Git – Version Control¶
Until very recently I had never used any sort of version control system. I was aware of the existence of Git, SVN, CVS, Darcs, Mercurial etc. but never needed to use any. A version control system is a setup where by the changes to a set of files are tracked over time. This enables a timeline of the projects history to see what changes were made when and by whom. It allows for multiple people to work on a project and submit changes and patches.
A little bit of reading around and I decided to give Git a go. It has since changed the way I manage my code and configuration files. I tend to work on my desktop and laptop and I would copy the files I was working on from one machine to another. The files I would be working on would be the only current version. If I tried to implement a change and things didn’t work out then I would have to make corrections to have a working version again. Git solves this problem for me. Having a history of the changes made to the file mean that if a change is made that doesn’t work, the old version can be easily recovered. It is also possible to experiment and roll back the changes until things are ready.
I have found being able to branch and merge project files really useful especially in development of my firewall scripts. Each of my Linux machines has a customised firewall depending on which services are present and its intended function. Most of the script however is the same. Making a change to the firewall used to mean replicating the change to each script in turn and keep track of what changes had been made to which script. Using Git and various branches I can maintain a core set of rules common to all the scripts and individual scripts at the same time and merge at various stages to easily update all the scripts.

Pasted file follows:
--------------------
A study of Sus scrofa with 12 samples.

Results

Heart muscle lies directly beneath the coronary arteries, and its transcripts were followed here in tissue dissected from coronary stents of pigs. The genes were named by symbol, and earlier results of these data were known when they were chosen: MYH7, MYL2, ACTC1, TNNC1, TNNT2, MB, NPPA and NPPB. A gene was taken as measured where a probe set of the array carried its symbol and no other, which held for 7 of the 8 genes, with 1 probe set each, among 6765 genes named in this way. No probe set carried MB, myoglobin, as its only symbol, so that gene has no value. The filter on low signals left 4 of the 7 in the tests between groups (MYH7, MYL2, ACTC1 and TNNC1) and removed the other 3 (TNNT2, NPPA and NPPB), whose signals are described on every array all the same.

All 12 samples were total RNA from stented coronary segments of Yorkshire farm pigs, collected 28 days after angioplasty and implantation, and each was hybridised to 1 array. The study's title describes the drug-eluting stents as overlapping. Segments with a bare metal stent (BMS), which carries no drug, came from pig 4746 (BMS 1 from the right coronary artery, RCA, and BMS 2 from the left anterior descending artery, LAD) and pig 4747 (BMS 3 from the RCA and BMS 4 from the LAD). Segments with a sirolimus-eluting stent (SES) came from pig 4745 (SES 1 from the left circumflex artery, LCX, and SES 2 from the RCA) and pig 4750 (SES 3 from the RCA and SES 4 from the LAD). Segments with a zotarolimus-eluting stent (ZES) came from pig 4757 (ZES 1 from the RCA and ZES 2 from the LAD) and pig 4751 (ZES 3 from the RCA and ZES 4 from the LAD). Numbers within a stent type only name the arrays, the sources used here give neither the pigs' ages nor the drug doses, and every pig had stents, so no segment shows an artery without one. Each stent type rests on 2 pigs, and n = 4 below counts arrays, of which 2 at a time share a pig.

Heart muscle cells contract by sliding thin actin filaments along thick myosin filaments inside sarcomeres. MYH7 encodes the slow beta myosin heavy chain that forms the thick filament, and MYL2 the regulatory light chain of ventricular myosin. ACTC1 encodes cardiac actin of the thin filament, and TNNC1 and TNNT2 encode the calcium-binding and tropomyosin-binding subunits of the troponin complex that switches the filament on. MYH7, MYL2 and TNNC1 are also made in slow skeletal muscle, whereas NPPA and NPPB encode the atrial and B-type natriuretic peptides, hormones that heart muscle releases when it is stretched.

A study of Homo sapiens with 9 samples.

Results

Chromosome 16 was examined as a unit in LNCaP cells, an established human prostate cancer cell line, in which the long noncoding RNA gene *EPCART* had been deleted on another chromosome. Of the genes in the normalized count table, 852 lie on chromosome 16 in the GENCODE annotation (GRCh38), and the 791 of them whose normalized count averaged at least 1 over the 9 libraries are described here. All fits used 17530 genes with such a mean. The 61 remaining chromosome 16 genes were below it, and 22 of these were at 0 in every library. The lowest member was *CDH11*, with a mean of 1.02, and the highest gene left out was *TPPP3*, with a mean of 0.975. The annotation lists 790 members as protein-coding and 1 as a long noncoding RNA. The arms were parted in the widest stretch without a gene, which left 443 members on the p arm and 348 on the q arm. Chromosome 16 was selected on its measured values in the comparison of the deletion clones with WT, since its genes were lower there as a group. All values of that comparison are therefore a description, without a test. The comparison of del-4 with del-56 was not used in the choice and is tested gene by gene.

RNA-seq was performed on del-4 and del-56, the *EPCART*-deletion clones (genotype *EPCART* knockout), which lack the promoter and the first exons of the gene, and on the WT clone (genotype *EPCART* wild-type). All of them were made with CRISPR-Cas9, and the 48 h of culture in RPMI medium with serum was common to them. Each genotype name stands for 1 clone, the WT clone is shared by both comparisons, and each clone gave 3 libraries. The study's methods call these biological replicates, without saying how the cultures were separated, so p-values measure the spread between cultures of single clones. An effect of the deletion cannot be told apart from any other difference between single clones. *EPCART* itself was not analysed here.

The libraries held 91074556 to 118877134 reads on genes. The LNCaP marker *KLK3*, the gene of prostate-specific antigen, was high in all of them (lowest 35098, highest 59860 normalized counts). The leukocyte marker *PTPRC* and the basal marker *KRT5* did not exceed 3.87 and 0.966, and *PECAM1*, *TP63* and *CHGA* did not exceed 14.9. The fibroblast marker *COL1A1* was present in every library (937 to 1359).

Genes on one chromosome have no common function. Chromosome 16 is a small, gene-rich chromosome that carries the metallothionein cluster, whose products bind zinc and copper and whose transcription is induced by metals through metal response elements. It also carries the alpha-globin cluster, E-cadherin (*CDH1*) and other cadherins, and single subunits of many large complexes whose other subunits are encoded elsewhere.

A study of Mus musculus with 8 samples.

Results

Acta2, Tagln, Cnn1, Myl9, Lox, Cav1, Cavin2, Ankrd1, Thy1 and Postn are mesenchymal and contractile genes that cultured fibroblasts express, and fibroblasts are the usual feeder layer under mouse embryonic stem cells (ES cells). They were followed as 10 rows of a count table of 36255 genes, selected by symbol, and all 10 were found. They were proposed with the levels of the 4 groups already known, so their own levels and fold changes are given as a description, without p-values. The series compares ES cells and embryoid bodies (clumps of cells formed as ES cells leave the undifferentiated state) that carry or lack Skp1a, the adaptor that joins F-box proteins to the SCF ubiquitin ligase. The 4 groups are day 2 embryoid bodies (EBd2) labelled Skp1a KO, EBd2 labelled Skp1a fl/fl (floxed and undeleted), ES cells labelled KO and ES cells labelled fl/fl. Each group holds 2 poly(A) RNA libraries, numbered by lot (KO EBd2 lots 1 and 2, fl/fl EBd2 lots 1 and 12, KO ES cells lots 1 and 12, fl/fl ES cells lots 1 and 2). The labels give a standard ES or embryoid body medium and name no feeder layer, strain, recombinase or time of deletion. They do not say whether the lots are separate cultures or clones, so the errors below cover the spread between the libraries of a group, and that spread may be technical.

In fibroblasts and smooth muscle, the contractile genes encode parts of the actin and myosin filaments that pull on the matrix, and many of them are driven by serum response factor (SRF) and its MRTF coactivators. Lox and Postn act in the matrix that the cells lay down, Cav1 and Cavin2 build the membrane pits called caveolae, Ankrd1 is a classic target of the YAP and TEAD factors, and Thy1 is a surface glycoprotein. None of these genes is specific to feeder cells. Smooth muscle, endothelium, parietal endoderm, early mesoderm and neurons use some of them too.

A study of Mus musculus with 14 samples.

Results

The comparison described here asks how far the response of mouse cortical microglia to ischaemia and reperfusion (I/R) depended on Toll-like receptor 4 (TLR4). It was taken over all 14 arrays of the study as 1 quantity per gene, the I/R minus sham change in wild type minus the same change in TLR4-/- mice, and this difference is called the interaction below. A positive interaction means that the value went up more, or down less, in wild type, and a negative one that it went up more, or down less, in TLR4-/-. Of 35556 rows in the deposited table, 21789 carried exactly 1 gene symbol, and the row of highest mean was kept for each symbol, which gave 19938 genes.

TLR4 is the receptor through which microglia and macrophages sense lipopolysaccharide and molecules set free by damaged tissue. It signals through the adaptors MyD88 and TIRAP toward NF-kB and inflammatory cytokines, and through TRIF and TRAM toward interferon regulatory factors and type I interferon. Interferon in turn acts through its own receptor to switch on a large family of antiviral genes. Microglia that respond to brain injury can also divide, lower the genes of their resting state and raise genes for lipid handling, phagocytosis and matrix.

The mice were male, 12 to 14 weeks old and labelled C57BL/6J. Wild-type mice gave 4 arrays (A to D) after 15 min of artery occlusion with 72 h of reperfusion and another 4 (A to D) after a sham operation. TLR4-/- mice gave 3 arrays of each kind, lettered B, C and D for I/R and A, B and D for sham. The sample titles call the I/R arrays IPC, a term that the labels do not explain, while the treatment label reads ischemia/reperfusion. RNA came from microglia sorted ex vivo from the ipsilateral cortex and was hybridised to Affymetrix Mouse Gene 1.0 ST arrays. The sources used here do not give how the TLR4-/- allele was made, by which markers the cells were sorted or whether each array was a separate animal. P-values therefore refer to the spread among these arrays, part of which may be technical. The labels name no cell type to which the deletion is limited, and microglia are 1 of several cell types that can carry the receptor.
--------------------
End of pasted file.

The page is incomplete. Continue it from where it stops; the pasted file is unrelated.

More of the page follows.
The same goes for configuration files. Modifying the systems default configuration to your specification is good until the default file itself is updated. Tracking the changes to certain files from the default I can see the modifications I made. I can then later import a new default file and merge that into my custom file. If as is usually the case the config file is the same on multiple machines I can replace with an upto date custom file.
One thing I have strayed away from is the moving of files between machines. Git is distributed version control. There is no central server required although a central location can be defined if required. The project exists inside a directory on individual machines. What this means is that I can have a copy of the project on my desktop and my laptop and work on them independently. I might an experimental branch on the laptop where I am working on a new feature and on the desktop I might have made a few bug fixes to the main branch. What I can do is fetch changes from one location, merge them and push them back. It also means I have multiple copies of the files. If I wanted to let somebody else contribute to the project they could fetch a copy of my files (assuming publicly accessible) work on them and send them back.
I doubt I have done the subject of Git and version control in general justice. But for me its has made a huge change to the way I work and all for the better. Git might not be for everybody but it fits my needs. Version control in general though is just too useful to ignore.